In a move that will have far-reaching implicatons, aviation regulator, the Directorate General of Civil Aviation (DGCA) has directed SpiceJet to refund the full fare of 170 Mumbai-Delhi flight passengers who were stranded for five hours in mid-June.
The DGCA has asked the airline why it charged the passengers for snacks and beverages even though the delay was not their fault.
The revised rules laid down by the DGCA in 2010 says airlines are supposed to provide compensation and other benefits to passengers, including food and beverages, in case of delays. The airlines will not be under any obligation in case the delay is on account of things that are beyond its control like political unrest, bad weather, air traffic control problem, or technical problem.
A spokesperson for the airline refused to divulge details. He said: "Spicejet, like most airlines, serves food on the ground during delays... we will soon respond to the DGCA."
According to DGCA officials, the Boeing 737 aircraft with 170 passengers faced technical snags on June 16, following which the plane returned to the bay area. After a five-hour delay, the passengers were flown in another aircraft. Apparently there were some engineering issues.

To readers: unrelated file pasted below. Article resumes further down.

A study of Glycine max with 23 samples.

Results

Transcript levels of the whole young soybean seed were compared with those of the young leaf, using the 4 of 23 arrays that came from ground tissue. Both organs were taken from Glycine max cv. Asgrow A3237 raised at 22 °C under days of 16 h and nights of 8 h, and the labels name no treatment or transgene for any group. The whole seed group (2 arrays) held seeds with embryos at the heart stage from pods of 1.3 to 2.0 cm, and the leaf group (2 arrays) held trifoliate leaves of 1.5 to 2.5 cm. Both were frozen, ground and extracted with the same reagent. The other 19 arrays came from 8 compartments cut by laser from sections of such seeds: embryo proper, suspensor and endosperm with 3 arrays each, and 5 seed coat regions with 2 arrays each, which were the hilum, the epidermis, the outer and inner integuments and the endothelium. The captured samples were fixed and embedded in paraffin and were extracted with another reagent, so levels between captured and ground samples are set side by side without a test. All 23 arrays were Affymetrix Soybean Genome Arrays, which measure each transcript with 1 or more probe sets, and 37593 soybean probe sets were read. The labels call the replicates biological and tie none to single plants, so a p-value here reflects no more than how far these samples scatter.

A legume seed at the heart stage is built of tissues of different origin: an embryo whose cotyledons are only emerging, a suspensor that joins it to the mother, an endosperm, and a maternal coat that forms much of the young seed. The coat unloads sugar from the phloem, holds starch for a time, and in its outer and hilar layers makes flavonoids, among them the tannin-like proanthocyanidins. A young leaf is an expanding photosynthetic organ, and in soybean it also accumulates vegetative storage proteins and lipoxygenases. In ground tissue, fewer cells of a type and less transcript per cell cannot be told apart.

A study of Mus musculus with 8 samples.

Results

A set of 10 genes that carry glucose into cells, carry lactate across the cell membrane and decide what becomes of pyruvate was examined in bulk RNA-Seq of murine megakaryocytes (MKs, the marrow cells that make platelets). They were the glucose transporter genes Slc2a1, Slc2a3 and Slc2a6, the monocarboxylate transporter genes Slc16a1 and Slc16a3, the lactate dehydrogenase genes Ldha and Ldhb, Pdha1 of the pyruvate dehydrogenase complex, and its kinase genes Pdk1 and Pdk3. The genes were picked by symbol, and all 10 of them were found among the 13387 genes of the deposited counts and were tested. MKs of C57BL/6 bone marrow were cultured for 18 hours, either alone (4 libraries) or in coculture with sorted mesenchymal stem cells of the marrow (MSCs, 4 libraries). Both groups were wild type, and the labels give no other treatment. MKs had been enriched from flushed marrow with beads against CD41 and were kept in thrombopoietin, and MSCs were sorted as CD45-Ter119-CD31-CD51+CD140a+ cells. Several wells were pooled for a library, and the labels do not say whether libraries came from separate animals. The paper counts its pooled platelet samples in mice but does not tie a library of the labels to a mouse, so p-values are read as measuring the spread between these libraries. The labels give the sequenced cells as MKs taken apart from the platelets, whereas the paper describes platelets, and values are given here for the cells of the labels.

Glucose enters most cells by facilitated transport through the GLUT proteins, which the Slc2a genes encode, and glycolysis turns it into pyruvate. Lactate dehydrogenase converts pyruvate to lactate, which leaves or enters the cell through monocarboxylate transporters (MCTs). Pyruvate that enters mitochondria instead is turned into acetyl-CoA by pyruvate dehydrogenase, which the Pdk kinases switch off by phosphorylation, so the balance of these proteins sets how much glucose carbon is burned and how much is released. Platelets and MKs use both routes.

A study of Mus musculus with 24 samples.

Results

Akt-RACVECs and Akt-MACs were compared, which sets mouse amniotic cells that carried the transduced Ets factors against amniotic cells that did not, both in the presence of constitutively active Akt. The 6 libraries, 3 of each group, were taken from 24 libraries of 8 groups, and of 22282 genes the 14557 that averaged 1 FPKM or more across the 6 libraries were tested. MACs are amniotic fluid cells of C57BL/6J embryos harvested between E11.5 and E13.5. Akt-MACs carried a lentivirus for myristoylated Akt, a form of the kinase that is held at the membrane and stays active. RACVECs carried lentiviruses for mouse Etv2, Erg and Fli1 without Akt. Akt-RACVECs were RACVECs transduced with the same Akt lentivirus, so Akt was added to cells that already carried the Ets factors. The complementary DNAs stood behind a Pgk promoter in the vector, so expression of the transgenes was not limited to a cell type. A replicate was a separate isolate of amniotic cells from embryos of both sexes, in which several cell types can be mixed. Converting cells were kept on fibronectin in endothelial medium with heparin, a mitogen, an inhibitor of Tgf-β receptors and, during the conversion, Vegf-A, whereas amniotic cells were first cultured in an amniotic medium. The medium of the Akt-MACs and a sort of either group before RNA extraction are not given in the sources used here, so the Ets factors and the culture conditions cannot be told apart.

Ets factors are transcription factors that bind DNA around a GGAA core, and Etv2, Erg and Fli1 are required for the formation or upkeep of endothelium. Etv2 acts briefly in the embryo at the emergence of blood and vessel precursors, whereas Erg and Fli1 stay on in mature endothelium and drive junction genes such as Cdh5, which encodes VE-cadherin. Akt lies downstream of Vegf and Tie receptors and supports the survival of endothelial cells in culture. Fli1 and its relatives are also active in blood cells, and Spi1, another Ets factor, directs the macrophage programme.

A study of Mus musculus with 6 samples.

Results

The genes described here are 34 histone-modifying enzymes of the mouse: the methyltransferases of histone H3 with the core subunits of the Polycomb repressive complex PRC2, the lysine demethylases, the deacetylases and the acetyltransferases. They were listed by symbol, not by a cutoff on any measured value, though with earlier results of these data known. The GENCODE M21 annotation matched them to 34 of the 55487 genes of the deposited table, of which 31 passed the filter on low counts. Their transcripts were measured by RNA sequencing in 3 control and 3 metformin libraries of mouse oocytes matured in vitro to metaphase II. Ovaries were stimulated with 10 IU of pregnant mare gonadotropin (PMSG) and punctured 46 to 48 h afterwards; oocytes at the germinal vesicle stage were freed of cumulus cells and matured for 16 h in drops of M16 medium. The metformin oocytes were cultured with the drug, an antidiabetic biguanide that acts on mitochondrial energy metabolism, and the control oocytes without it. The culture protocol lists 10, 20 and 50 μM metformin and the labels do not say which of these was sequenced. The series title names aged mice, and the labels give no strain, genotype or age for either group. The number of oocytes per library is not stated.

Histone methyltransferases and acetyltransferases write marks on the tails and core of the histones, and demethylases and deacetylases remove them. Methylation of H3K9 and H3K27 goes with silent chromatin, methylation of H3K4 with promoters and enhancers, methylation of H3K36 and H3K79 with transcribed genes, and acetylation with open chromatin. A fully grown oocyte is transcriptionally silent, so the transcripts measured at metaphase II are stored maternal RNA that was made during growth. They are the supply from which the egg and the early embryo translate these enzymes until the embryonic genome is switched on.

The SpiceJet spokesperson, however, denied it. "We have received no communication from DGCA regarding 'serious engineering issues'."
Consumer activists and aviation experts say though the rule has been in place for several years, most airlines avoid paying any compensation by declaring that delays are a result of technical issues.
Sudhakar Reddy, president, Air Passengers Association of India, said: "The DGCA ruling in SpiceJet is a welcome beginning." Reddy was a member of the committee that submitted a memorandum way back on 2010 to the civil aviation ministry based on which the amended rules for compensation in case of delays was formulated.